The bill aims in part to help boost the liquidity of the U.S. territory's Treasury Department, Gov. Alejandro Garcia Padilla said.

"This measure is needed given the absence of the government's usual liquidity sources," he said.

Some of the new agencies now authorized to buy such notes are government insurance companies that are flush with cash, said Puerto Rico-based economist Vicente Feliciano.

PHOTO: People walk through a shopping area in Rio Piedras where many businesses have closed in San Juan, Puerto Rico, Wednesday, July 1, 2015, the day a 11.5% sales tax went into effect, the highest of any U.S. state. The island's administration has been pushing for Congress to let the government and public agencies seek bankruptcy protection, while the White House has said no one is contemplating a federal bailout of Puerto Rico. (AP Photo/Ricardo Arduengo)
People walk through a shopping area in Rio Piedras where many businesses have closed in San Juan, Puerto Rico, Wednesday, July 1, 2015, the day a 11.5% sales tax went into effect, the highest of any U.S. state. The island's administration has been pushing for Congress to let the government and public agencies seek bankruptcy protection, while the White House has said no one is contemplating a federal bailout of Puerto Rico. (AP Photo/Ricardo Arduengo)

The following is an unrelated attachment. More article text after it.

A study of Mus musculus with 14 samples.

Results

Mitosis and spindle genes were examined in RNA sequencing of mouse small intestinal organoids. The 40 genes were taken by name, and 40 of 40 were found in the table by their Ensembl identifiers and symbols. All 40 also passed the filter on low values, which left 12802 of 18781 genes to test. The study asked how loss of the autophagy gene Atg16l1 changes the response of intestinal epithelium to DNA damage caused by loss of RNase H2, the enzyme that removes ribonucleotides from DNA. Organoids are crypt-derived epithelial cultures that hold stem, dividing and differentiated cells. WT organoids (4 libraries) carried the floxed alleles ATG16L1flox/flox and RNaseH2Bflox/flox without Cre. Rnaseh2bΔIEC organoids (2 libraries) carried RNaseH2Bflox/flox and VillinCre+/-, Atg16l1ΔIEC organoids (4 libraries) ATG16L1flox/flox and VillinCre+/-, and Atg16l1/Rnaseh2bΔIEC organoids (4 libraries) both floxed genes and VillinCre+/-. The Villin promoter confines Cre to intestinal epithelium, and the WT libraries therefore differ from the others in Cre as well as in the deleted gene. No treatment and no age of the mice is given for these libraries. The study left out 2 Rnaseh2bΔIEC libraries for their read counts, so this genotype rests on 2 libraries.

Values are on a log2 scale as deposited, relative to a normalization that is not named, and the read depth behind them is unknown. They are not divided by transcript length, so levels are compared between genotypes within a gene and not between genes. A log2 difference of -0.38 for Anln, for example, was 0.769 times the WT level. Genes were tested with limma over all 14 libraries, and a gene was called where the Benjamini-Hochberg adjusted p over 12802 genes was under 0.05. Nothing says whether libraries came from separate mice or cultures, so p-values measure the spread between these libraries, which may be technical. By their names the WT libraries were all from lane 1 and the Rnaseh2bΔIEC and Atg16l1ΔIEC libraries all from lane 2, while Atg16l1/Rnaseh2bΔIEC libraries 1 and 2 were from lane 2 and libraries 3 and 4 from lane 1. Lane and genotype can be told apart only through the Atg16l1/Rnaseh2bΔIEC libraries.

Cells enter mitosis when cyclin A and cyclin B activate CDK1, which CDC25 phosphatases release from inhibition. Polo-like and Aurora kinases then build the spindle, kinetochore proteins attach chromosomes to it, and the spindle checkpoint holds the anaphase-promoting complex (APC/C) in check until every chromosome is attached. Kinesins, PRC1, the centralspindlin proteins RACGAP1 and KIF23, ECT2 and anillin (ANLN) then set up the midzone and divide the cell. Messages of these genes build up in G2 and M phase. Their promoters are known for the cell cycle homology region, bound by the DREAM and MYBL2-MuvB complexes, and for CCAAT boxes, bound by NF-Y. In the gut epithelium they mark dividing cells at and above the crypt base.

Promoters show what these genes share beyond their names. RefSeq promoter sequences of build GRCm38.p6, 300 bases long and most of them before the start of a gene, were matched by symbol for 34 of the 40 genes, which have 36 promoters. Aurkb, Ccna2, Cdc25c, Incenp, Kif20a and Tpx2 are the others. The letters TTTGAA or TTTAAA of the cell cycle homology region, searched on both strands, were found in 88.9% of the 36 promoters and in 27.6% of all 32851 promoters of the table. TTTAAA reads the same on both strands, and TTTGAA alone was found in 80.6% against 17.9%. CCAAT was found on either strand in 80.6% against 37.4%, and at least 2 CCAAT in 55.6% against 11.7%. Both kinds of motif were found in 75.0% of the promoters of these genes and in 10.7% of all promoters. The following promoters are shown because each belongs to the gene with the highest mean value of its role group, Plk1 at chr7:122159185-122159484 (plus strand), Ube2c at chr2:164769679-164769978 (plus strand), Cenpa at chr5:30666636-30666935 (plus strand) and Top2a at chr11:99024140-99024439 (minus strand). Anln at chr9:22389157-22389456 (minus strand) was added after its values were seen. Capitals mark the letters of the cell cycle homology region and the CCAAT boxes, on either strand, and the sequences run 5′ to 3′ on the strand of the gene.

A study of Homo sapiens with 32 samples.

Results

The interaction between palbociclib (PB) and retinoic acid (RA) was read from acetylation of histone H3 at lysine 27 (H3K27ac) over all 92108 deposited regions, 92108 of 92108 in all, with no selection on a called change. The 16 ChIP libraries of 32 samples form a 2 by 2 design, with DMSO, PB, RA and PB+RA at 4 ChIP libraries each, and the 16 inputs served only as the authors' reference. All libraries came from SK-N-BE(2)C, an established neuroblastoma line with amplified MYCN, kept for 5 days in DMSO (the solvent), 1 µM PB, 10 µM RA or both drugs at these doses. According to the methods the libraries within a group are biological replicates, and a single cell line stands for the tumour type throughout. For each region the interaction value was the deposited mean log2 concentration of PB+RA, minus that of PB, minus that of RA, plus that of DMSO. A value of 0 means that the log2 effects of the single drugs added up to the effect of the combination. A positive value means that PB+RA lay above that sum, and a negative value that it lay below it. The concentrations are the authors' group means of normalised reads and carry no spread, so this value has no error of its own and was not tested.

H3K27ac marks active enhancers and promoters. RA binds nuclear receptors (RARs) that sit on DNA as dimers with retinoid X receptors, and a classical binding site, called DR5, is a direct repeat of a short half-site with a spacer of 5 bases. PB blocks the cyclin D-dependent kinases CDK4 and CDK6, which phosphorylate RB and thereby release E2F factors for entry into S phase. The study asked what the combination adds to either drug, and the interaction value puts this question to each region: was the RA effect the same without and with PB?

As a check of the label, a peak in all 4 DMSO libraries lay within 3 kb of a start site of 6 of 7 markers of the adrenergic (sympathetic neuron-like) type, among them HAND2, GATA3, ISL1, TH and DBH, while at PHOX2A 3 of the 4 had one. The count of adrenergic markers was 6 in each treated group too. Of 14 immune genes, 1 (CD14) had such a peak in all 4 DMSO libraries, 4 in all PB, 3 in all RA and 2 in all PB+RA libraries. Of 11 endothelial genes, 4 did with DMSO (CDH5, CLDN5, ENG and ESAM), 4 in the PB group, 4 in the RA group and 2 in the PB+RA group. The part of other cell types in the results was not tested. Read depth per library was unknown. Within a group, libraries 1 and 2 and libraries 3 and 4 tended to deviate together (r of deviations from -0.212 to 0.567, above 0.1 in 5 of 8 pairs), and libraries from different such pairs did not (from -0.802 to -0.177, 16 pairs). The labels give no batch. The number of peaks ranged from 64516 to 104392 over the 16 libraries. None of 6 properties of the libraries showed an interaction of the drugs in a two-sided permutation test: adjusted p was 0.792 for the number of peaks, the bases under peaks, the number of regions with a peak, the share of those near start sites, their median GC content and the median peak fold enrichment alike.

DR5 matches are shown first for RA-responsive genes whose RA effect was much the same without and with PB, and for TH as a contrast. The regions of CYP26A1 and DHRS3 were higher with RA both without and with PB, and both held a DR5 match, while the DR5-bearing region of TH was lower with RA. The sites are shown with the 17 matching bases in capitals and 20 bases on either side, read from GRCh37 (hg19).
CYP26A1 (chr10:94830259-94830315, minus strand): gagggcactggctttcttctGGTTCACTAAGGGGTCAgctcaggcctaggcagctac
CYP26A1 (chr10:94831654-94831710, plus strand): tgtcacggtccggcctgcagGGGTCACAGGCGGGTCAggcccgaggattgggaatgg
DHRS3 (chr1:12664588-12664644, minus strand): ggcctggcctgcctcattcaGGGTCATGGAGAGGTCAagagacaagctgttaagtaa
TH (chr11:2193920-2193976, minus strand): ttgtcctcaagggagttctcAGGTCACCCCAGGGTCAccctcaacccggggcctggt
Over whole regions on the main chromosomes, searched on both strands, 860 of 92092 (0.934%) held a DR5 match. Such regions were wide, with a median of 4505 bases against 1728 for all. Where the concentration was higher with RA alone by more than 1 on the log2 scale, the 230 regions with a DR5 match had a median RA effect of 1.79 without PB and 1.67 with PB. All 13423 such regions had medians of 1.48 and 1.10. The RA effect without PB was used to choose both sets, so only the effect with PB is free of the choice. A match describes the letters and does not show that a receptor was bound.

Banking institutions usually buy tax and revenue anticipation notes — or TRANs — but the governor's move shows that investors may have been spooked by the island's economic crisis, he said in a phone interview.

"It's a sign of how critical the government's situation is," Feliciano said. "The central government is looking for spare change underneath the rug to see what it can find."

The announcement comes just days after Garcia said the island's $72 billion public debt is unpayable given the current level of economic growth, and that he would seek a payment moratorium from bondholders.

Tax and revenue anticipation notes are usually repaid with upcoming tax collections, but Feliciano noted that investors likely wonder whether there'll be enough money this time as the island struggles to emerge from a nearly decade-long economic slump.

Last fiscal year, the island's government issued $1.2 billion worth of TRANs, with $900 billion placed with banking institutions, according to statistics with Puerto Rico's Government Development Bank. The newly approved bill states the bank will be responsible for overseeing a new fund that will collect certain government revenue that the government can access if the Treasury Department's monthly revenue forecasts exceed collections.